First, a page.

COS 56-7
Regenerative stormwater conveyances: Novel ecosystems exhibiting iron flocculate formation may be altering metal biogeochemical cycles

Tuesday, August 11, 2015: 3:40 PM
348, Baltimore Convention Center
Barret M. Wessel, Environmental Science and Technology, University of Maryland College Park, Elkridge, MD
Michael R. Williams, Chesapeake Biological Laboratory, University of Maryland Center for Environmental Science, MD

One ecological engineering design to reduce stormwater runoff and pollutants is called a Regenerative Stormwater Conveyance (RSC). For about a decade, RSCs have been implemented in degraded headwater streams using sand, woodchips, and stone to create stepped-pool structures in which the majority of flow occurs as groundwater through a thick seepage bed. RSCs have been effective at reducing the flashiness of stormwater runoff, thereby preventing streambed erosion; however, little was known about the ecological consequences associated with implementing these structures. In particular, the accumulation of iron flocculate associated with iron-oxidizing bacteria has been observed at RSC sites, yet it was unknown whether the accumulation of this flocculate was predominately natural, a consequence of leached iron (Fe) from the materials used in the RSC construction, or because of mobilized Fe associated with higher groundwater levels in adjacent riparian zones that occur after construction. Water samples were collected from riparian wells, hyporheic wells, and surface water at 6 RSCs and 3 reference streams through the Piedmont and Coastal Plain physiographic provences; samples were analyzed for metals, nutrients, and DOC. Iron-flocculate was collected from quadrats at these sites and physical habitat parameters were evaluated using Maryland Biological Stream Survey methods.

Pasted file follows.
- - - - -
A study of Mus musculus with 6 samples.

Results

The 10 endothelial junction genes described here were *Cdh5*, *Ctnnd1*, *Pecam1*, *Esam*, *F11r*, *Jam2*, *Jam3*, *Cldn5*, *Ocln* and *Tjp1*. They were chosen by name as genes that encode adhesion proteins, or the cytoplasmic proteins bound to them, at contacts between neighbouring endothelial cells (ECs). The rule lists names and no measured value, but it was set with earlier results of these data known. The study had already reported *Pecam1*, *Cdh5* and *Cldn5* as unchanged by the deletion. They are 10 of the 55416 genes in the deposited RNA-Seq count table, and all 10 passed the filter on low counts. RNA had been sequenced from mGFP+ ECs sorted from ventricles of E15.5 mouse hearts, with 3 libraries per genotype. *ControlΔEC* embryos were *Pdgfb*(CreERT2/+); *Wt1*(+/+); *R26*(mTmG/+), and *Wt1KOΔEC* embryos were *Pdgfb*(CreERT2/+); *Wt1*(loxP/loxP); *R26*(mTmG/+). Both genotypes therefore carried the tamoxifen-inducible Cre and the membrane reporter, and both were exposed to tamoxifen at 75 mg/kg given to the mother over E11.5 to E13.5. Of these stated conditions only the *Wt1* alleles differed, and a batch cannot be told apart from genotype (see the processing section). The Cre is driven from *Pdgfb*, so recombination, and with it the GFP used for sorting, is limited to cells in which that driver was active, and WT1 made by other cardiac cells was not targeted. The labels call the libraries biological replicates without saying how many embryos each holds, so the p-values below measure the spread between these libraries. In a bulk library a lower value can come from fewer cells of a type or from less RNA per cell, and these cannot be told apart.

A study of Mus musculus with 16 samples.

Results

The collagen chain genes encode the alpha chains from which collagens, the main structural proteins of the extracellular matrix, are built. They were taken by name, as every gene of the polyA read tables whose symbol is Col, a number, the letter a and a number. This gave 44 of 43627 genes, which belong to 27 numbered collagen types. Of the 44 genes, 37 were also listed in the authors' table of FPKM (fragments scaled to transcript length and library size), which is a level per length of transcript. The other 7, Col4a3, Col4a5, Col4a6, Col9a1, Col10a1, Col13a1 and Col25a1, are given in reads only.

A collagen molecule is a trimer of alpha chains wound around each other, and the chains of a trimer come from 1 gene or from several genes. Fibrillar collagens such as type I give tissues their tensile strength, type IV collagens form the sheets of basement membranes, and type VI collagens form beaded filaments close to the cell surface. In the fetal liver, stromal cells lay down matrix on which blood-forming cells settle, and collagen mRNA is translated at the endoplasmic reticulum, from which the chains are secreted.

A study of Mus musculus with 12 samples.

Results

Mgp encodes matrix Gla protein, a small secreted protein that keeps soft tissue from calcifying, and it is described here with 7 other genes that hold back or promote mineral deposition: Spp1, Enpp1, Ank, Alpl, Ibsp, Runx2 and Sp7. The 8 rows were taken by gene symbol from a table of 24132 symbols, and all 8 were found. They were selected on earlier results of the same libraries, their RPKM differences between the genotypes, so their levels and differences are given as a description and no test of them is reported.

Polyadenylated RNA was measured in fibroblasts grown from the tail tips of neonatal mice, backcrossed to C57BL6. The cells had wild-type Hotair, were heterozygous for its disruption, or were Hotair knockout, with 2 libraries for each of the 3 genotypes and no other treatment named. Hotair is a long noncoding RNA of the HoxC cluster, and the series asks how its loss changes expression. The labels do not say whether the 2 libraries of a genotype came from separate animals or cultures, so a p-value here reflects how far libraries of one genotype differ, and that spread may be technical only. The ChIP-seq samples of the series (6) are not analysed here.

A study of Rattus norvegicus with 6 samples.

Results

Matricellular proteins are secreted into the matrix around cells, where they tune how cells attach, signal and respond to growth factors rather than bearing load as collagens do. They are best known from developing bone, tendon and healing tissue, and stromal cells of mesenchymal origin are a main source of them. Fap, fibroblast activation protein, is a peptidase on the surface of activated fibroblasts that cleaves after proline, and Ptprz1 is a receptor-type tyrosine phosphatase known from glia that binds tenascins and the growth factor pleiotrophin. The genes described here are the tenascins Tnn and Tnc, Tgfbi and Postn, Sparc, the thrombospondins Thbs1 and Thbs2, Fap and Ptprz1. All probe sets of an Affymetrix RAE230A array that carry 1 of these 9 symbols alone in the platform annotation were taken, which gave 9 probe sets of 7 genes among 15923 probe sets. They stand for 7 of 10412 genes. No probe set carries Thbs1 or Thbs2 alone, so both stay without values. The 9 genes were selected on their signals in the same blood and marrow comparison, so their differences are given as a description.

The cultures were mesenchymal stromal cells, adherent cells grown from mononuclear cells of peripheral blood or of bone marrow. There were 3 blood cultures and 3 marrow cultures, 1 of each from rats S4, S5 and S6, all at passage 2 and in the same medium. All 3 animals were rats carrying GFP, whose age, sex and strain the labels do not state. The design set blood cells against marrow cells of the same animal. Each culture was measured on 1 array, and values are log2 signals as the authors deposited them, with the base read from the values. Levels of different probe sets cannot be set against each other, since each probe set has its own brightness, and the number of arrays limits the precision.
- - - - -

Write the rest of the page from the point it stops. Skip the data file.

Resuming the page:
The RSCs studied had higher surface-water Fe concentrations than reference streams in the Piedmont physiographic province, as well as increased OM/Fe ratios in bacterial mats relative to reference streams. Iron bacterial mat growth seemed to be contributed to by the use of ironstone boulders in RSC construction, as well as riparian soil-sourced Fe. The major contributing factor to Fe solubilization, and thus availability to Fe-oxidizing bacteria, was the availability of DOC to Fe-reducing bacteria in the presence of Fe containing substrates; these conditions had been created in the RSCs. While RSCs improve many physical habitat parameters when compared to urban streams, accumulations of Fe flocculate and the pool structure itself may preclude use by many organisms, even though some clearly thrive there and create unusual bacterial mat communities at some sites. Compared to degraded urban streams RSCs may be an improvement, though questions remain about the long-term effectiveness and effects of their implementation.